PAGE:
From Academic Questions, Richard Phelps on dismissive reviews and academe’s memory hole. A review of Stylish Academic Writing by Helen Sword. Peter Suber on opening access to research. Leopold’s Ghost: When the president of a liberal-arts college brought an at-risk Rwandan scholar to campus, his good intentions were challenged in ways he could have never imagined. Andrew Delbanco reviews The Victims' Revolution: The Rise of Identity Studies and the Closing of the Liberal Mind by Bruce Bawer. On leaving academe: Tenured professor of computer science Terran Lane explains why he quit to take a job in industry. God and the Ivory Tower: What we don't understand about religion just might kill us. The managing editors of four blogs shared their thoughts with socialsciencespace about the state, impact, and future of academic blogging. When sex isn’t sexy: Nathan Harden on his bizarre education at Yale University (and more and more on God and Sex at Yale). Mark Athitakis on how college bookstores are killing college bookstores. Mythbusting 101: Mark Hendrickson on uncomfortable truths your college won't tell you (and part 2).


Gary Dickson (Edinburgh): Charisma, Medieval and Modern. From Popular Mechanics, what makes a supervolcano so super? Trumping any volcanic eruption known to modern humans, the supervolcano could cause rapid climate change and mass extinctions; and life at the epicenter: Kale Thompson on preparing for the mega-quake. Extremism and national character: “Personality differences” between people from different countries may just be a reflection of cultural differences in the use of “extreme” language to describe people. Are you worth more dead than alive? Jason Stanley on speech, lies and apathy: Blatant falsehoods like those of the Romney-Ryan campaign are only possible because Americans no longer expect to hear the truth. From Aggregation Magazine, Matthew Fox on sex and overpopulation. Kevin Drum on Paul Ryan's grim vision for America. Ouiser Boudreaux on when annoying Ayn Rand acolytes invade OkCupid.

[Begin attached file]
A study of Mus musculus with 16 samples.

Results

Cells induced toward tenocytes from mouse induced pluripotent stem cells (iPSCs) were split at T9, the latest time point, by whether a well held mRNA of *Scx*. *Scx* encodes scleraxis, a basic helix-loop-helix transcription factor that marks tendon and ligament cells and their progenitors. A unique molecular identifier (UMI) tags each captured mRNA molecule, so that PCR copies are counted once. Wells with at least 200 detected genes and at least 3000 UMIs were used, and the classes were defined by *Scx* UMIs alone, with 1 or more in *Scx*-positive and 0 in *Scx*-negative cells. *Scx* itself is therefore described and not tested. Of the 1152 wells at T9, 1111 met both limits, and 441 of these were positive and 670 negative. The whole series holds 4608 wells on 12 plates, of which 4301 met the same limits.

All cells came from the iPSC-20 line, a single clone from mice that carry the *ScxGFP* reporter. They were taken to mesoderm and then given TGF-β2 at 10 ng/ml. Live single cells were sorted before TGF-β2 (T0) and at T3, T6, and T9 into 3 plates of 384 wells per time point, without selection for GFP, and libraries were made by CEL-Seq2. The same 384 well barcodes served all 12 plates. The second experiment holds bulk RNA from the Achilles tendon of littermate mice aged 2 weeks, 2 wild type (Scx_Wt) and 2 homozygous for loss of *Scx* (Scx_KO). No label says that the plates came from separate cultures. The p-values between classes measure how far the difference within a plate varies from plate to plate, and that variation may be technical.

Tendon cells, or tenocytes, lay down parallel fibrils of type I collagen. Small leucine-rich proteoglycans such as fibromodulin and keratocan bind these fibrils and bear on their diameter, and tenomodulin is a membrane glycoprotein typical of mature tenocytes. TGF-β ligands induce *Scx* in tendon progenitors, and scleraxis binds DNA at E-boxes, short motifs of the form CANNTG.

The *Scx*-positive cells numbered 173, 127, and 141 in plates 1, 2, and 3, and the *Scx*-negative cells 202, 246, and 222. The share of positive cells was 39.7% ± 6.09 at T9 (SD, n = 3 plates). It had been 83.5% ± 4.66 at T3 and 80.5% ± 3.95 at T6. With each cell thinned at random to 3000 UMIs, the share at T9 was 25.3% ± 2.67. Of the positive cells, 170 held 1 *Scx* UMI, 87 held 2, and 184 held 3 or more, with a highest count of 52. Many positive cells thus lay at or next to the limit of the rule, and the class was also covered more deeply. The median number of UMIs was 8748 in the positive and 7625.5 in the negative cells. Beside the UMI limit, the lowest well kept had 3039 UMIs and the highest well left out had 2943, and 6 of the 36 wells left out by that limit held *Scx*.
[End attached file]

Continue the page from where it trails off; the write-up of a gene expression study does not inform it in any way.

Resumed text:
Cara Nine (UCC): Claiming the Arctic: Principles for Acquiring Territory from the Commons. Klaus Dodds (London): Anticipating the Arctic and the Arctic Council: Pre-emption, Precaution and Preparedness. Klaus Dodds (London) and Valur Ingimundarson (Iceland): Territorial Nationalism and Arctic Geopolitics: Iceland as an Arctic Coastal State. Ashley Barnes and Christopher P.M. Waters (Windsor): The Arctic Environment and International Humanitarian Law. Can national interest supersede global interest? Bharti Lakkad and Vijaylakshmi Choudhary on the North pole controversy. Arctic coastlines hitting ecological tipping point (and more). From Popular Mechanics, Jerry Beilinson on America's Arctic challenge. Form Current Intelligence, Matthew Ford on engaging with the Arctic. Polar melting signals end of “Pax Arctica”: A largely ice-free Arctic will bring a new, porous border to a continent that has long had the best borders of them all. Where penguins live, and other reasons why the Antarctic is not the Arctic. Frozen Truths: What Antarctica can tell us about the world. Antarctic trees surprise scientists.


Michael Z. Green (Texas Wesleyan): Against Employer Dumpster Diving for E-Mail. Those acronymic names still manage to summon up a ghost of awe: BOS, LAX and CDG, JFK and LHR — these are the grandest kings and queens of airports, the gods that no one believes in anymore but is forced to worship anyway. From the latest issue of Political Theology, a series of book reviews. From Rolling Stone, Matt Taibbi on the true story of Mitt Romney and Bain Capital: How the GOP presidential candidate and his private equity firm staged an epic wealth grab, destroyed jobs — and stuck others with the bill. If rapid response has replaced the “state of emergency” as the dominant paradigm for governing emergencies, how might those of us concerned with enhancing democratic life respond to rapid response? Wikipedia has a list of the largest peaceful gatherings in history.


Stephen Ansolabehere looks at polling data on Americans' opinions about taxes, the budget, and entitlements. Morris P. Fiorina and Samuel J. Abrams on the myth of the "Big Sort": In the information age, Americans’ political allegiances go far beyond their neighborhoods. A review of Government's End: Why Washington Stopped Working by Jonathan Rauch. The probable outlook for US politics is continued paralysis and possible catastrophe — and most likely, both. The end of reason: Marc Hujer on what potatoes say about the state of US democracy. George W. Bush doesn’t miss “the swamp” of politics (and more). No, this isn't the nastiest campaign ever: Welcome to the political class's quadrennial freakout. Daniel Adler on Political Ads: Overpriced, inefficient, essential. Nieman Journalism Lab goes inside the star chamber: How PolitiFact tries to find truth in a world of make-believe; and BuzzFeed with a press pass: What happens when the GIF kings try to take Washington? The Tweeps on the Bus: How Buzzfeed is remaking campaign coverage. For sale: Katy Steinmetz on ridiculous political domain names.